According to a new study, people who had been infected more than once were 3.5 times more likely to have lung problems, 3 times more likely to have heart problems, and 1.6 times more likely to have brain problems than people who had only been infected once.
Since the start of the COVID-19 outbreak around three years ago, scientists have established that even a single infection can cause short- and long-term health risks affecting practically every organ system in the body. Additionally, they found that even after developing natural antibodies following the initial infection and receiving vaccine and booster doses, patients can still contract COVID-19.
New research from Washington University School of Medicine in St. Louis and the Veterans Affairs St. Louis Health Care system reveals the negative effects of reinfection on patients’ health. Scientists discovered that recurrent SARS-CoV-2 infections significantly raise the likelihood of serious health problems affecting multiple organ systems.
Hospitalization, disease in the lungs, heart, brain, blood, musculoskeletal system, and digestive system, and even death are all possible results. Diabetes, kidney disease, and mental health problems can also be caused by re-infection.
The findings were published in Nature Medicine today.
“During the past few months, there’s been an air of invincibility among people who have had COVID-19 or their vaccinations and boosters, and especially among people who have had an infection and also received vaccines; some people started to referring to these individuals as having a sort of superimmunity to the virus,” says senior author Ziyad Al-Aly.
“Without ambiguity, our research showed that getting an infection a second, third or fourth time contributes to additional health risks in the acute phase, meaning the first 30 days after infection, and in the months beyond, meaning the long COVID phase.”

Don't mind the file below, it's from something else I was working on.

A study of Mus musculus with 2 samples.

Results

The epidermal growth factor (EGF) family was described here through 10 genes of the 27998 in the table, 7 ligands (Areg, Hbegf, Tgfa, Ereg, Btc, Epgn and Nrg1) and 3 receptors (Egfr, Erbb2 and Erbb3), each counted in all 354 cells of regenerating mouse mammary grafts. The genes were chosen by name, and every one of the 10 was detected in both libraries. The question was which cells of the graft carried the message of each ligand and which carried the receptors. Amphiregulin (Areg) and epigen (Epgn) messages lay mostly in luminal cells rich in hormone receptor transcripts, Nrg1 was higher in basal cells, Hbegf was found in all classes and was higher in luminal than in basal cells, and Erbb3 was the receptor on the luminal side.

The study also revealed that the risk appears to rise with each infection. This implies that it’s best to prevent a third COVID-19 infection, even if you’ve already had two, according to Al-Aly. “And if you’ve had three infections, it’s best to avoid the fourth.”
As the United States enters the winter season, limiting exposure to the virus is particularly crucial because new strains are constantly appearing, evolving, and already leading to an increase in illnesses in some regions of the nation, according to Al-Aly.
“People should do their best to prevent repeat infections by masking, for example, getting all of their eligible boosters, staying home when sick. Also, get a flu shot to prevent illness. We really need to do our best to reduce the chance we will have a twin-demic of both COVID-19 and the flu this winter season.”
This study examined 5.8 million de-identified medical records from the U.S. Department of Veterans Affairs, the nation’s biggest integrated health-care system. Patients included all ages, races, and sexes.
From March 1, 2020, through April 6, 2022, the researchers collected a controlled data set of 5.3 million individuals who did not test positive for COVID-19 infection. The researchers also created two control groups using the same time period: one group included roughly 41,000 patients who had two or more reported infections and another group included more than 443,000 people who had tested positive for one COVID-19 infection. The majority of those in the latter group had two or three infections, a few had four infections, and no one had five or more illnesses.
Statistical modelling was used to look at the health risks of getting COVID-19 again within the first 30 days and up to six months after getting the virus.
Variants of COVID-19 were taken into consideration, including delta, omicron, and BA.
Those who had been vaccinated prior to reinfection also experienced negative consequences.
In general, the researchers discovered that those with COVID-19 reinfections were twice as likely to die and triple the likelihood of being admitted to the hospital compared to individuals without reinfections.
Also, people who had been infected more than once were 3.5 times more likely to have lung problems, 3 times more likely to have heart problems, and 1.6 times more likely to have brain problems than people who had only been infected once.
“Our findings have broad public health implications as they tell us that strategies to prevent or reduce the risk of reinfection should be implemented,” Al-Aly adds. “Going into the winter season, people should be aware of the risks and practice vigilance to reduce their risk of infection or reinfection with SARS-CoV-2.”